Every industry changes a lot, month over month, year over year. Part of any industry professional’s job is keeping up with those trends—and yes, that includes welding.
Welding, in fact, experience a lot of new technological innovations, and 2018 is shaping up to be another year of big, big changes.
These three new developments mean a lot of fundamental shifts in how the art of welding is approached.
1. Wearable Technologies
Wearable technologies are exactly what they sound like: technologically advanced equipment you physically wear to perform a job.
One of the most popular trends in wearable technologies is the robotic exoskeleton. Here are a few examples of this type of exoskeleton that are used in construction and manufacturing:
- Chair-less chairs that reduce the fatigue that accompanies standing or crouching for long periods of time
- Full-body powered suits that supply extra strength and support
Robotic exoskeletons have lots of benefits for both the worker and the industry:
- They reduce worker fatigue, injuries and medical costs.
- The increase the quality of work by improving alertness and productivity.
- They ultimately help keep workers in their physical prime and part of companies for longer.
The Airframe exoskeleton, for example, shifts the weight of the arms to the core area from the upper back, shoulders and neck. It’s been proven to increase the efficiency and quality of work of welders in the agricultural industry.
A study found one exoskeleton model, the Airframe, contributed to an 86 percent increase in the number of joints workers welded just by counteracting muscle fatigue, one study found. The study also noted that welders were able to work with precision over extended periods of time, thanks to this technology.
2. Skilled Trades Shortage
This is a well-documented problem. We have talked about the skilled trade workers shortage a lot on this blog, in fact.
And it’s not showing any signs of getting better in the near future. The American Welding Society predicts the country will need more than 400,000 welders by 2025.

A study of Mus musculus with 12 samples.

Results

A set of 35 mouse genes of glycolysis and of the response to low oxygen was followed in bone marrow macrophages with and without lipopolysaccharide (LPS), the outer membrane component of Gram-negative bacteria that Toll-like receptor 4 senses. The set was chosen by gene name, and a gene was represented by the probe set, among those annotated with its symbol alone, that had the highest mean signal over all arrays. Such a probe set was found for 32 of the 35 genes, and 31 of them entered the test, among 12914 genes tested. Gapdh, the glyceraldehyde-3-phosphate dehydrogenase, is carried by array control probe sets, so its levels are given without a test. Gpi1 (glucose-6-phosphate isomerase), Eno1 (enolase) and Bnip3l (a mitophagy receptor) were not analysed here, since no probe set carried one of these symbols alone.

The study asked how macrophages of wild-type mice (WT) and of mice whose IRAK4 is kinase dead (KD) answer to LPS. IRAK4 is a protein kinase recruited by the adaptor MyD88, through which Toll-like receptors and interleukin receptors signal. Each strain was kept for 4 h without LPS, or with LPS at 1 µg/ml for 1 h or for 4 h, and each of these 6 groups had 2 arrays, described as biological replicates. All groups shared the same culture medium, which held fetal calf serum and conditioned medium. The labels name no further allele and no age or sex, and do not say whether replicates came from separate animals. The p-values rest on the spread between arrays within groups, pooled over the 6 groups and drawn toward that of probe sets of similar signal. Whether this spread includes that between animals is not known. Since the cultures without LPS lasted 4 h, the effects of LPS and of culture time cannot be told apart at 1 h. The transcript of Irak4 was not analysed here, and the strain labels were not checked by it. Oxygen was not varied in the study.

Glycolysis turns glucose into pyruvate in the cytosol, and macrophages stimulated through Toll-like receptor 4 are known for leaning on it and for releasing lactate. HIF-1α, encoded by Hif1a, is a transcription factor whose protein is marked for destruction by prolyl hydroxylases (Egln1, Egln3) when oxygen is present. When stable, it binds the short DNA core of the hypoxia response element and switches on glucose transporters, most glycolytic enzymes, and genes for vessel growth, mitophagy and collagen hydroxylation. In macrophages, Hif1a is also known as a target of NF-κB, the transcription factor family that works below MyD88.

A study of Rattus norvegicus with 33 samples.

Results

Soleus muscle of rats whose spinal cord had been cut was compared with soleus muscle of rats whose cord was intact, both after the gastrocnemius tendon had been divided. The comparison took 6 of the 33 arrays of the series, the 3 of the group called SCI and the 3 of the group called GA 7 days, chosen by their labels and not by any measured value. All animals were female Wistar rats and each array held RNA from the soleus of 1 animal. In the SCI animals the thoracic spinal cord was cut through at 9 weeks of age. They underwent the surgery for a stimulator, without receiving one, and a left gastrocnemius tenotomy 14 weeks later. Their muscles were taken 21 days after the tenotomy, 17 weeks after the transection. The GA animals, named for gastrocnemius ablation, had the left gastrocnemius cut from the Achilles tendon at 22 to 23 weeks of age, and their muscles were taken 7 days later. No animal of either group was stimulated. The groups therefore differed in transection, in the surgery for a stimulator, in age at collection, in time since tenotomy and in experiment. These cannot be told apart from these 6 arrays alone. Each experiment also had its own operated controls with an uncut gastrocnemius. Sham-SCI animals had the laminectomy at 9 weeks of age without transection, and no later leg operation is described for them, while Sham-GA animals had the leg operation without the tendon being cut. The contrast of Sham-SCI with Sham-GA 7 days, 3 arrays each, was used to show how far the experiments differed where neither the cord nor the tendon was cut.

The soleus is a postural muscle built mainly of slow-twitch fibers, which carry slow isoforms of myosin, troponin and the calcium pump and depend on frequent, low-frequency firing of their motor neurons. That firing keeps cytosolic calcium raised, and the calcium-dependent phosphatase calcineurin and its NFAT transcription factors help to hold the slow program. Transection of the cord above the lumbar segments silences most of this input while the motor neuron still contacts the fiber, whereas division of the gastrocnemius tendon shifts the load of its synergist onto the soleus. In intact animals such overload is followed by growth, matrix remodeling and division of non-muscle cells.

The construction industry struggled to find skilled workers to help with the rebuilding effort after the recent hurricanes in the southeastern United States. Welders play an important role in the construction industry, supplying the joints for steel-frame buildings. Their work is also essential to the oil and gas industry, which suffered a lot from Hurricane Harvey.
Construction isn’t the only sector burdened with filling skilled positions. The manufacturing industry, the largest employer of welders, estimates it will be short 2 million workers by 2025.
Several factors are cited as contributing to the skills gap:
- Retiring workers
- An expanding industry
- Fewer vocational education programs at public high schools
- A lack of science, technology, engineering and mathematics (STEM) skills
- Misconceptions about working in the manufacturing industry among young men and women
These factors are universal; they are same reasons for the shortage in the construction industry and other fields reliant on skilled workers.
3. Virtual Reality
Labor accounts for a huge portion of the expense of the average welding operation—85 percent. When employers find job candidates for open welding positions, how can they conduct qualification tests in cost-effective ways?
One solution is virtual reality (VR). VR enables employers to test applicants on core processes through digital simulations of a real work site. They supply data on a welder’s productivity, arc-on time and quality of work.
Schools have also been using VR as a tactic for attracting young men and women to trades like welding. We recently launched a 360-degree virtual reality video that shows the various workplaces welders occupy, such as skyscrapers and ships, to give our students an idea of where a welding career could take them.
Welding Career Enrichment
Industry trends come and go. Keeping up to date of them is one of the best ways to continue advancing your career.
Always be informed. Learn more about the technology that is revolutionizing welding.